The NRC's aircraft noise reduction facility in Ottawa is composed of a reverberation chamber adjacent to an anechoic chamber operated separately or jointly to evaluate and improve the performance of aircraft noise reduction solutions.
When used jointly, the reverberation chamber and the anechoic chamber form a sound transmission loss capability operated in accordance with the ISO 15186‑1 and ISO 5186‑3 standard procedures using a sound intensity technique.
When used separately, the 2 chambers of the aircraft noise reduction facility operate as a complete technological research and development capability based on modelling tools and measurement methods allowing the accurate evaluation and improvement of the performances of hearing protectors (HP).
The reverberation room is constructed of 30‑cm‑thick reinforced concrete walls. The internal surfaces of the ceiling, walls and floor are coated with epoxy resin paint. The reverberant room has a non‑regular shape with 5 walls, a ceiling and a floor. The cut‑off frequency of the anechoic room is 200Hz. The anechoic room dimensions are 7 m (W) x 3 m (L) x 5 m (H).
Why work with us
Our acoustic facilities are registered to the ISO 9001:2000 quality management system and produce quality test results that continually exceed clients' expectations. Our experienced, professional and dedicated research staff is on hand to support clients' testing requirements from start to finish, from design of experiments to the creation of reports. Testing is tailored to clients' projects, and we customize testing approaches and assist clients in interpreting results.
- Measurement of sound insulation: The sound transmission loss capability has a very large test window opening of 2.56 m by 2.23 m. Quoting from ISO 15186‑1: "The method can be used as an alternative to ISO 10140‑3 and ISO 10140‑10 respectively. One important use is when the traditional ISO 10140‑3 method fails because of high flanking transmission. The reproducibility of the sound intensity method is estimated to be equal to or better than that of ISO 10140‑3." The major advantage with using a sound intensity probe technique is that it allows for a more detailed measurement and analysis of the sound radiated from complex structures. Highly radiating areas on a complex structure are easily detected using sound intensity mapping.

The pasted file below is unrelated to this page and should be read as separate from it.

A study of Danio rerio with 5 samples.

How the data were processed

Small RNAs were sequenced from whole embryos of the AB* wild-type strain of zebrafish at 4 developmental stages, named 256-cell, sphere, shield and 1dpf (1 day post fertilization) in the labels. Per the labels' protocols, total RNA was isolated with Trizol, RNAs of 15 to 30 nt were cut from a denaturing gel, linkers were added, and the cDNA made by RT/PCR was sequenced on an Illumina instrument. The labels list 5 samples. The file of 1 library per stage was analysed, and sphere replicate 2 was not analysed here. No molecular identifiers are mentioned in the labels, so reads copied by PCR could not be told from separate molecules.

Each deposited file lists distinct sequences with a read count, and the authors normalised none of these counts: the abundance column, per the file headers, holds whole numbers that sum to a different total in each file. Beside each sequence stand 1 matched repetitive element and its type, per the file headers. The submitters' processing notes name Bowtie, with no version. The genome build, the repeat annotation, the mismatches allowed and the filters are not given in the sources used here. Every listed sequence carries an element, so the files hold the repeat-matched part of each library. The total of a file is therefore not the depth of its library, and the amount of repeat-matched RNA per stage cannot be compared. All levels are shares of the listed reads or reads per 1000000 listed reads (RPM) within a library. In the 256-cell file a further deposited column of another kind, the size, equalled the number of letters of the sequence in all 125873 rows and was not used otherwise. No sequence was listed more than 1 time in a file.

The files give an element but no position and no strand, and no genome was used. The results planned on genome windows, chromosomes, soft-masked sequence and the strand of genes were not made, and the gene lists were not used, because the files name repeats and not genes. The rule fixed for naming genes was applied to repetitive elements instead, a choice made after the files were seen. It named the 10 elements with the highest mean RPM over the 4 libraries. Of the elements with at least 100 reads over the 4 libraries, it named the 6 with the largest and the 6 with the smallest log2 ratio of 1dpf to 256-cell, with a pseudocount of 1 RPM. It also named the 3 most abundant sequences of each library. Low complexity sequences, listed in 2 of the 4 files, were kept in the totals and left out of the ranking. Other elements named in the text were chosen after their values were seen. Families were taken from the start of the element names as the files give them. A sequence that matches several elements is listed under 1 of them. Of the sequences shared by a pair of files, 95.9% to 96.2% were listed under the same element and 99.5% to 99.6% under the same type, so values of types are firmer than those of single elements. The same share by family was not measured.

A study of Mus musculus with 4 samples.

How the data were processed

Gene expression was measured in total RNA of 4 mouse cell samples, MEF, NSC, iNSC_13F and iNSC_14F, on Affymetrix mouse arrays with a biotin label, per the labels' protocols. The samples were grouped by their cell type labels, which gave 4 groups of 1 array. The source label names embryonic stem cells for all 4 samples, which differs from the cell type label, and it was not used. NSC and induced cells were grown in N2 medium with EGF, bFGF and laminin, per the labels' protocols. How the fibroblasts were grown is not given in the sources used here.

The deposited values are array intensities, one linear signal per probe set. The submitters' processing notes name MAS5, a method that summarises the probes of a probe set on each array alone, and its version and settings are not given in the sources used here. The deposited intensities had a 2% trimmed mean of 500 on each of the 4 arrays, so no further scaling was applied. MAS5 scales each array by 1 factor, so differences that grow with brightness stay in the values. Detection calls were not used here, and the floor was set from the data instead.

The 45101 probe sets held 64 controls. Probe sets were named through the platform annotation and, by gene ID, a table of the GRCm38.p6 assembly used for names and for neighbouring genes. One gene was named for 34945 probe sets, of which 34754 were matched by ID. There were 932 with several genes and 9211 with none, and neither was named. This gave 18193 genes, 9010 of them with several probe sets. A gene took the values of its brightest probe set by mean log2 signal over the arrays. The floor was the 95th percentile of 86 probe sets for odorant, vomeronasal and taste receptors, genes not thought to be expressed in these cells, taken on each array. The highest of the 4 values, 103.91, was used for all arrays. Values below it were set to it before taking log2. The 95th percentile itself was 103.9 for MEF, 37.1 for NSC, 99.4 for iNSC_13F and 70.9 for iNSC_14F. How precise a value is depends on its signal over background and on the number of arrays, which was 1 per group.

- Hearing protectors performance evaluation: The acoustic test fixture (ATF) manikin G.R.A.S. 45 CB is operated in accordance with Standard ANSI/ASA S12.42 under a wide range of noise levels, continuous and impulsive, for testing active and passive earplugs; active and passive ear muffs; circumaural ear muffs integrated in work and safety helmets or designed for use under helmets.
Areas of expertise
- Hearing protection: ANSI/ASA S12.42 "Methods For The Measurement Of Insertion Loss Of Hearing Protection Devices In Continuous Or Impulsive Noise Using Microphone‑In‑Real‑Ear Or Acoustic Test Fixture Procedures."
- Sound transmission loss:
- ISO 15186‑1:2000 "Acoustics — Measurement of sound insulation in buildings and of building elements using sound intensity — Part 1: Laboratory measurements."
- ISO 15186‑3:2002 "Acoustics — Measurement of sound insulation in buildings and of building elements using sound intensity — Part 3: Laboratory measurements at low frequencies."
- Sound absorption measurements in reverberation rooms:
- ASTM C423 – 17 and ISO 354 for Measurement of sound absorption in a reverberation room.
- Sound power levels measurement:
- ISO 3745:2012 "Acoustics — Determination of sound power levels and sound energy levels of noise sources using sound pressure — Precision methods for anechoic rooms and hemi‑anechoic rooms."
- ISO 3744:2010 "Acoustics — Determination of sound power levels and sound energy levels of noise sources using sound pressure — Engineering methods for an essentially free field over a reflecting plane."
- ISO 7779:2018 "Acoustics — Measurement of airborne noise emitted by information technology and telecommunications equipment."